Pharmaceutical serialisation: opportunity or perfect storm?

Audit imageThe protection of the public from falsified or counterfeit medicines has never been more relevant or topical, and one of the key weapons in the pharmaceutical industry's arsenal is serialisation, according to a new executive briefing from

Placing a unique numerical identification code on each individual package of medicine is a key tool not only for anti-counterfeiting, but also areas such as supply chain security and control, traceability, diversion control, product recalls and returns management, according to Mark Davison of Blue Sphere Health, the author of the report.

"On balance, the long-term benefits of serialisation are huge, and not just in anti-counterfeiting," says Davison. "Manufacturing quality issues can be dealt with at much higher resolution than at present - partial batch recalls alone could save millions of dollars."

Having greater visibility over product returns - a normal feature of any industry - could also provide cost savings and close off an avenue for the insertion of counterfeits into the supply chain or false claims for returns. "Traceability through serialisation of each pack would help prevent those potentially expensive frauds," according to Davison.

While some larger drugmakers are already well advanced in the adoption of serialisation, many companies both large and small have yet to embark fully on this path. Recent regulatory developments suggest that the time for the 'wait-and-see' approach has now passed.

On February 16, 2011, the European Parliament ratified the long-awaited amendments to Directive 2001/83/EC "as regards the prevention of the entry into the legal supply chain of medicinal products which are falsified in relation to their identity, history or source".

The exact impact of these changes is not clear yet, but some form of Europe-wide serialisation scheme is the only logical outcome. This is widely expected to be in place around 2016. In the US, meanwhile, the California pedigree requirements (whether or not superseded by Federal laws) will mean that 2015-2016 is also a major milestone in the US pharmaceutical supply chain.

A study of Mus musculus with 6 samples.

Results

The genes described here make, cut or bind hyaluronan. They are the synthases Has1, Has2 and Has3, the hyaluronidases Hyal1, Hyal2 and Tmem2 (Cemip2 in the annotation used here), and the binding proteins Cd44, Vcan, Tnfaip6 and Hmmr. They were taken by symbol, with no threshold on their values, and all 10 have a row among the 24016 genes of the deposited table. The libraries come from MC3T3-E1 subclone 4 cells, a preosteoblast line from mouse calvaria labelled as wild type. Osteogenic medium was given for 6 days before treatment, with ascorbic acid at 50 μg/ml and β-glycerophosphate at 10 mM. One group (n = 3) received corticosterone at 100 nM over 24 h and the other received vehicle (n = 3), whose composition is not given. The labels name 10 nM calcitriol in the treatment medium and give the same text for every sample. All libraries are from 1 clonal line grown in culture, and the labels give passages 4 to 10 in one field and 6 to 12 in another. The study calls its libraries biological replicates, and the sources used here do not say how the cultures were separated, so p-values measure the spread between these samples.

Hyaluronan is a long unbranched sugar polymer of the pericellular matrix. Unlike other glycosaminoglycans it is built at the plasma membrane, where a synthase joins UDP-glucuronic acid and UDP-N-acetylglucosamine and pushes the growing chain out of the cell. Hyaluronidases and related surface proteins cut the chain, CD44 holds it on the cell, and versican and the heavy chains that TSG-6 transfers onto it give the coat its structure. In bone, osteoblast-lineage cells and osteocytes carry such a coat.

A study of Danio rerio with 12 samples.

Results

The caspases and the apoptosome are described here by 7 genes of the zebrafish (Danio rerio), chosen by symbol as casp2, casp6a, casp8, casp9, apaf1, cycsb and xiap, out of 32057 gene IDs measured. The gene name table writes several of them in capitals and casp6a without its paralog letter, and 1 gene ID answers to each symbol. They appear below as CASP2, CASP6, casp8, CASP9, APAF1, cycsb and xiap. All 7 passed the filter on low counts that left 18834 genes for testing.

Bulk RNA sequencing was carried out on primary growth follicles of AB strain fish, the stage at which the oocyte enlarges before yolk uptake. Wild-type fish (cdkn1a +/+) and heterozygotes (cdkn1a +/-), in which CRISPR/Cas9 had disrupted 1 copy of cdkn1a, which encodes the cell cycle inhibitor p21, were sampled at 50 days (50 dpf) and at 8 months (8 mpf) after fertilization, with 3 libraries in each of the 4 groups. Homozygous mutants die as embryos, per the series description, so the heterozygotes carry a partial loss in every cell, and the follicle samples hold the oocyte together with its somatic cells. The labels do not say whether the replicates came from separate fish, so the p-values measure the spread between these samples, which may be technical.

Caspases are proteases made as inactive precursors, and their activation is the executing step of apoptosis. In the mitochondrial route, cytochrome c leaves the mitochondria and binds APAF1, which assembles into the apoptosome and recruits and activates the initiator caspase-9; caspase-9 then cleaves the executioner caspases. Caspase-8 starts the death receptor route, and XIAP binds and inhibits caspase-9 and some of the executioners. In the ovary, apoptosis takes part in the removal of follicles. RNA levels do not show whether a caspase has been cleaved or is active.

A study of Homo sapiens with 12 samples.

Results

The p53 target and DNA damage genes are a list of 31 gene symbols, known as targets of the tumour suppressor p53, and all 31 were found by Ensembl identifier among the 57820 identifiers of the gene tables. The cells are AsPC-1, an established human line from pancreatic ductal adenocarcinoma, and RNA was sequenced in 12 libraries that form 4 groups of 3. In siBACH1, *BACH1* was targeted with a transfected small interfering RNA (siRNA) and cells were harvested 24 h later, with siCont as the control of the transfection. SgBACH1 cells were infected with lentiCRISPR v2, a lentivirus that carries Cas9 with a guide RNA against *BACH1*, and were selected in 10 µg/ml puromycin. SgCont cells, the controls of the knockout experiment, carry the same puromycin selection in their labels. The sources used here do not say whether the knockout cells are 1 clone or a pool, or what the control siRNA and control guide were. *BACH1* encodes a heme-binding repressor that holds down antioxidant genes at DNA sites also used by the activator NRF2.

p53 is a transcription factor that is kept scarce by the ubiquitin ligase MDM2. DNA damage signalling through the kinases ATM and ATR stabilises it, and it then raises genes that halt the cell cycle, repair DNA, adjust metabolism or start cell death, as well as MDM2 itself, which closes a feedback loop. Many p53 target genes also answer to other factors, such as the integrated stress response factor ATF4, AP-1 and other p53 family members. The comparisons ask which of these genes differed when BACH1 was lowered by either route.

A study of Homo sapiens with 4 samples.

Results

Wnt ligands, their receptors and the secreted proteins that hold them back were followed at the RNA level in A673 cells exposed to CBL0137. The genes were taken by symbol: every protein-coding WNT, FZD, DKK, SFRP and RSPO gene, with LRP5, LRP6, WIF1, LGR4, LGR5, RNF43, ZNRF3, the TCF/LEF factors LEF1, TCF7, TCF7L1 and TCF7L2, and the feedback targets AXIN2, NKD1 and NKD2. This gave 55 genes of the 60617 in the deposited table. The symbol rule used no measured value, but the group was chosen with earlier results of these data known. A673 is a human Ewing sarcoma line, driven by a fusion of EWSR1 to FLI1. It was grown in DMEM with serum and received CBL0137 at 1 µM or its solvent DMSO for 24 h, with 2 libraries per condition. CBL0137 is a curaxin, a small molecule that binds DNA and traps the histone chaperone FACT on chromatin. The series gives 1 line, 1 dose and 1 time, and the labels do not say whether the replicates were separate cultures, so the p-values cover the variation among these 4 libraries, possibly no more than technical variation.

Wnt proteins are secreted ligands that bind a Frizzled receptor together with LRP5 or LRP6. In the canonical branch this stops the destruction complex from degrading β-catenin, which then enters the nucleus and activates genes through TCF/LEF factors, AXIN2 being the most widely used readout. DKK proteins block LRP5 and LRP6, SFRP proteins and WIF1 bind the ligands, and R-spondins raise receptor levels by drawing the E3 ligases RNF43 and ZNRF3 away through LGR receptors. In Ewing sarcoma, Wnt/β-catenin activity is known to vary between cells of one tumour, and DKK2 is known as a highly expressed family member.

"A perfect storm is brewing in pharmaceutical serialisation and it is drawing closer very quickly," says Davison in the report, entitled Pharmaceutical serialisation: opportunity or perfect storm? “Those who are unprepared will have a rough ride.”

"For the report, I interviewed senior executives from key technology vendors.  They stressed that four years is not a long time to implement these complex international projects. They require budget planning, capital equipment purchase, and intensive vendor involvement, as well as manufacturing downtime and revalidation. The potential gains are there to be had, and there is still a window of opportunity for late starters to beat the deadlines, but the time to act is now!"

Pharmaceutical serialisation: opportunity or perfect storm? is a brand new, must-read executive briefing that discusses the latest developments in the field, with a strong focus on practical advice and inside tips which cannot be found in books or gained easily from meetings. The principles discussed will prove a valuable primer for those just entering the field or those seeking to enlighten their peers. More information is available here.